Other campaigns are less confusing but still strangely utopian: Heineken has been campaigning for ‘an open world’, where people listen to each other and realise ‘that there is more that unites us than divides us’. Eh?

Why does that make me point to the Heineken tap instead of the tried and tested Tennents?

It wasn’t always like this. The successful slogans of the 20th century tended to be pragmatic ‘Go to work on an egg’ or “Guinness is good for you” or even flattering like ‘Because you’re worth it’. We had catchy phrases like “Beanz Meanz Heinz” and implied cost savings like John Lewis’s “Never knowingly undersold” Now, advertising tries to address the meaning of life.

Sportswear brands were early adopters of the Profound Statement. Adidas has long claimed that ‘Impossible is nothing’, while Nike has urged ‘Just do it’ since 1988. Nike’s new campaign goes further, advising: ‘Believe in something, even if it means sacrificing everything.’ Let’s hope nobody takes it literally.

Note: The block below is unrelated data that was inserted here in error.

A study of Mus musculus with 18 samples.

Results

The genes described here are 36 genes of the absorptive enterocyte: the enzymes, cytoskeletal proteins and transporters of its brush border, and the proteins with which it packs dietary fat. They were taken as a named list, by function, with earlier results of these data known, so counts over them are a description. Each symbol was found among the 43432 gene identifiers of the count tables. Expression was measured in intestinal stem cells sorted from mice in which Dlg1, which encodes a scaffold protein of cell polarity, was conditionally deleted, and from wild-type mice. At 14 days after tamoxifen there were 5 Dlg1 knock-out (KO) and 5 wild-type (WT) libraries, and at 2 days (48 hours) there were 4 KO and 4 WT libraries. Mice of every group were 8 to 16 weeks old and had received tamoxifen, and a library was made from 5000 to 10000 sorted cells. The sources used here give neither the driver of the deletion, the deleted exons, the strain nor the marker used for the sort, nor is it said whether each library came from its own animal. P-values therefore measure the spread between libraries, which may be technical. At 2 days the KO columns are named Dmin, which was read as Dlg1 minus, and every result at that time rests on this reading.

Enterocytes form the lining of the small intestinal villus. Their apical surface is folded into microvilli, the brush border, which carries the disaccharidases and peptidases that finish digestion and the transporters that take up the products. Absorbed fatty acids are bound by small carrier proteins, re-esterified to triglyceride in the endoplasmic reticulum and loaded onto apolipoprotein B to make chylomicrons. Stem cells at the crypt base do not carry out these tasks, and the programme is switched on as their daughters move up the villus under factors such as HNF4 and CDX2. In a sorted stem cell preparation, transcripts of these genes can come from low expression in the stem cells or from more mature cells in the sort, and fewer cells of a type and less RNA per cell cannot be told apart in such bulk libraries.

The current Ad that perplexes me most is HSBC. It is titled “Global Citizen” with 60 seconds of beautifully filmed, narrated and choreographed advertising that I presumed had been commissioned by one of those student organisations that tell us that nationalism is outdated and that we are all just citizens of the world. Only at the end did I realise it’s promoting a bank. I don’t know about you, but what I want from a bank is efficiency, service, prudent investment and a safe place for my money. Global Citizen indeed!!

About the author

Guy Robertson is an independent marketing consultant.